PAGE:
Lately, I’ve been listening to an audio lecture course, courtesy of Stanford University, in which Thomas Sheehan opines–although he insists repeatedly that he is speaking historically and scientifically–on issues related to the historicity of the gospels, the nature of the historical Yehshua–Sheehan resists the Greek form of the name and insists continuously that “Christ” wasn’t Yehshua’s last name, as if any serious person believed it was. As I listen to the professor profess, I have to admit that I’m galled by the constant laughter of one of his auditors. The tone of her laughter strikes me as communicating a very clear attitude: “I’m so glad that I’m one of the enlightened and educated sorts who don’t fall for all that obviously false Christian claptrap.”
Sheehan himself is slightly less smug. He believes that once you thoroughly demythologize Christian scripture, you can find something valuable. In other words, Sheehan is an intellectual descendant of Ralph Waldo Emerson, someone who believes you can carve up the teachings of the scripture, pluck out the things that don’t suit your intellectual cast, and not kill the host. Like magic, this writer believes, the true and pure teachings can be drawn out of the thoroughly polluted containers provided by Paul and Luke and company. Amazingly, those true teachings just happen to correspond with the things that Sheehan and his audience would like to believe to be true.
I intend to return to this material when I’ve listened further into the lectures, but one piece of unintentional undercutting came from episode two, which I heard while slugging through my miles on the treadmill last night. Granted, the anecdote that the professor relates is not central to any of his arguments–frankly, he doesn’t make all that many genuine arguments, opting instead to draw fairly broad inferences from cherry-picked evidence and attempt to pass these off as “obvious”–but the tale does illustrate the glass houses in which many skeptics think themselves impregnable.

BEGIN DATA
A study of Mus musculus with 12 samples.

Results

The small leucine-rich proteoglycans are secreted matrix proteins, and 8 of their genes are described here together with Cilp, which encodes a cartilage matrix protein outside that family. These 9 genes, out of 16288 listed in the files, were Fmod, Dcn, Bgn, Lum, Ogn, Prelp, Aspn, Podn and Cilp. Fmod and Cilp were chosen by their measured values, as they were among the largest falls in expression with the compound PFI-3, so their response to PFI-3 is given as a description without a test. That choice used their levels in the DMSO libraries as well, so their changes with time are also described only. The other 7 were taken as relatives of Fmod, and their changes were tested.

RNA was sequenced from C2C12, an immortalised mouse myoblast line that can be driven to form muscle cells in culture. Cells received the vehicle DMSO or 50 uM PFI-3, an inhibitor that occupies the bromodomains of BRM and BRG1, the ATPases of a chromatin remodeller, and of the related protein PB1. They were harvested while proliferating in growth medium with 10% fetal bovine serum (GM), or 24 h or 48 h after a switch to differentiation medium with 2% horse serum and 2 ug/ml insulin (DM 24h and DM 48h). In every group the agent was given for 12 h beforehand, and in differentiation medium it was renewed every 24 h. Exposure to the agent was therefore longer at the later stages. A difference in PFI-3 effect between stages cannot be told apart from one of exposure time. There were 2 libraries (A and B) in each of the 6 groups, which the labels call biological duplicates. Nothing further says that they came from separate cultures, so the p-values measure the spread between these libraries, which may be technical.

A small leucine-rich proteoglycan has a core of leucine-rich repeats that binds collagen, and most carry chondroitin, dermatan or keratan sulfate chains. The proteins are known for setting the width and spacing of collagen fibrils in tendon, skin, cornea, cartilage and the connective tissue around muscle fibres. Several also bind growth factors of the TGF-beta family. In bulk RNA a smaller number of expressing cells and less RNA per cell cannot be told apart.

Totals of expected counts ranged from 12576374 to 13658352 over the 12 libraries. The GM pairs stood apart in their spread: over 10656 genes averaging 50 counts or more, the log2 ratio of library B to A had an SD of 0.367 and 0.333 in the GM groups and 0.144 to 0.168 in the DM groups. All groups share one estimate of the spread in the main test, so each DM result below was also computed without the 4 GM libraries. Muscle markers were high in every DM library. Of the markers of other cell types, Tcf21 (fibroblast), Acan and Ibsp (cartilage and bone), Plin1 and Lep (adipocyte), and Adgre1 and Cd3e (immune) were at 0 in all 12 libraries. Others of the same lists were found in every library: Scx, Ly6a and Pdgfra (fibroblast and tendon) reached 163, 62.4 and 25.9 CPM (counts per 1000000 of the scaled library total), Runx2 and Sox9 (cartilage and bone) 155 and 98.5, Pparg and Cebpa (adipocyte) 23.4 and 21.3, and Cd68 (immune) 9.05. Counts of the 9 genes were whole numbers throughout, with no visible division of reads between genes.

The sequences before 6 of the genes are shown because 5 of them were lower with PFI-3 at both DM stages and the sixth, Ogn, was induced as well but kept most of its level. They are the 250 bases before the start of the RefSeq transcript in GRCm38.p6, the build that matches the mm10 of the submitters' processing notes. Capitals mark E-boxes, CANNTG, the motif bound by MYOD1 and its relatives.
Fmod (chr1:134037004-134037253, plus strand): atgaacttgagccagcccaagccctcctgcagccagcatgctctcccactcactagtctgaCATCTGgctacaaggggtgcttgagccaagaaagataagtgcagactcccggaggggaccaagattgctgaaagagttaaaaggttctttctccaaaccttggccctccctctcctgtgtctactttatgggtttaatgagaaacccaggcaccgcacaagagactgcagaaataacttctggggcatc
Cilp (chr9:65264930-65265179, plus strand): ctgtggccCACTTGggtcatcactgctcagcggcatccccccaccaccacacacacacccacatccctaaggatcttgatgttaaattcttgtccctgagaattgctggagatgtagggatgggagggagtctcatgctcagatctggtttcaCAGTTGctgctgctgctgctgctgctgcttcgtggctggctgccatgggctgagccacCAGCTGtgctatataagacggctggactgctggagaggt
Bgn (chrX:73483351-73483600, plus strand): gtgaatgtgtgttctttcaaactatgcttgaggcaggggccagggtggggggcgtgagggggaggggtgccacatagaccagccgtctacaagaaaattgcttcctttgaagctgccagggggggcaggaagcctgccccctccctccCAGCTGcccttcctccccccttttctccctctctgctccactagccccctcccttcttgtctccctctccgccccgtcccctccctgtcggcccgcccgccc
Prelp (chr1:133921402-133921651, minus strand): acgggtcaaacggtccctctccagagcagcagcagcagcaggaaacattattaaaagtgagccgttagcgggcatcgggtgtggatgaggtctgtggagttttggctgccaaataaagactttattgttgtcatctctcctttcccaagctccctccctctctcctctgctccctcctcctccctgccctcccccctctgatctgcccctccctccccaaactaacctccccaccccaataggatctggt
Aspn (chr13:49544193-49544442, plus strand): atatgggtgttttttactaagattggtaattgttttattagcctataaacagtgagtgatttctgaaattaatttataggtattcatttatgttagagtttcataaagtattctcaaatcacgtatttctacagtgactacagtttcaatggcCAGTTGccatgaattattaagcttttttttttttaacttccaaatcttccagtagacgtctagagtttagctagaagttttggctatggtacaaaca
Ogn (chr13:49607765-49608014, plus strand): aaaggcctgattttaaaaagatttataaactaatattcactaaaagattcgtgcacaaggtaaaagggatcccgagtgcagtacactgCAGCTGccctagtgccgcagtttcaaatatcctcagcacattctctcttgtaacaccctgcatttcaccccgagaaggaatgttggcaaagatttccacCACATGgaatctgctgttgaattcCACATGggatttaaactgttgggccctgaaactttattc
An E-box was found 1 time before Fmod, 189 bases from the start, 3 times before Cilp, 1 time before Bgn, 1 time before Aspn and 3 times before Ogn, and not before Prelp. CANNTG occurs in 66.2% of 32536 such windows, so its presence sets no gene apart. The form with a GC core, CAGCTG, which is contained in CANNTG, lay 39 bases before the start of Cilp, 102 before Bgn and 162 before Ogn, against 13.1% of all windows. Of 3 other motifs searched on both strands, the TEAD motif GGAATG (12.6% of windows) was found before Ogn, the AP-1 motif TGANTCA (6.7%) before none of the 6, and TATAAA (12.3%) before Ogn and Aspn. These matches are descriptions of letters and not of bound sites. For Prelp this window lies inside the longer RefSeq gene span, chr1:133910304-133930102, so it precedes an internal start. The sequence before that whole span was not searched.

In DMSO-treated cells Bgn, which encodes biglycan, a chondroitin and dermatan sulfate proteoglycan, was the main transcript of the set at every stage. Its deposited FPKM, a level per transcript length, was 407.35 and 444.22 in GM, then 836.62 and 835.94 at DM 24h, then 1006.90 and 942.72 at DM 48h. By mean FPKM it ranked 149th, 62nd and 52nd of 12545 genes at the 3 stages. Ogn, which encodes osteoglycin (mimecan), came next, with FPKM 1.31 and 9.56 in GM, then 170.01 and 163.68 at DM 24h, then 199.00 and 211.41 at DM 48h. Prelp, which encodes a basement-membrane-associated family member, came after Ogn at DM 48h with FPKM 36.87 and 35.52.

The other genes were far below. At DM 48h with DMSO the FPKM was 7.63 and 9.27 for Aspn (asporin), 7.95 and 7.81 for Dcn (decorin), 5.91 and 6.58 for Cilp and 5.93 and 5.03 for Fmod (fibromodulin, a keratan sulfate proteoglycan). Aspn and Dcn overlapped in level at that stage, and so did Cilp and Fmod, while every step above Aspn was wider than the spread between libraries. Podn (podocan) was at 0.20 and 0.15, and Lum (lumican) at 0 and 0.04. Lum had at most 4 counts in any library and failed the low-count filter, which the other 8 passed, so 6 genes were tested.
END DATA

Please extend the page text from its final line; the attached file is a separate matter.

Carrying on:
According to Sheehan, the first female governor of Texas, Miriam A. “Ma” Ferguson, once opposed bilingual education, protesting that “If English was good enough for Jesus Christ, then it’s good enough for the children of Texas.” That’s the sort of thing that causes immense mirth in Sheehan’s audience, laughter only tempered by the inconvenient fact that Ferguson was female. “Wait, we disdain Christian conservatives, but we adore powerful women. Which prejudice trumps the other?”
Of course, like most of those delightful stories, this one turns out to be nonsense. It seems that Ma Ferguson, if she made this statement, followed in a long line of others, who are typically recorded as displaying their laughable ignorance in some “smart set” publication. In 1881, when Ma Ferguson would have been six, the New York Times places a similar statement in the mouth of “an old farmer.” Three years later, The Universalist Quarterly and General Review ascribes it to “a pious deacon.” By 1905, still years before Fergusons stint as governor, the New York Times found an “elderly Irish” woman defending English and in 1912 Puck placed the phrase into the mouth of a “well-known and eccentric preacher” from a hundred years previous.
One wishes to ask Prof. Sheehan, if you are this careless about a small matter on which you seemed so marvelously certain, how should we trust your various pronouncements on matters of more substance. But of course the smug and delighted lady near the microphone won’t ask this question.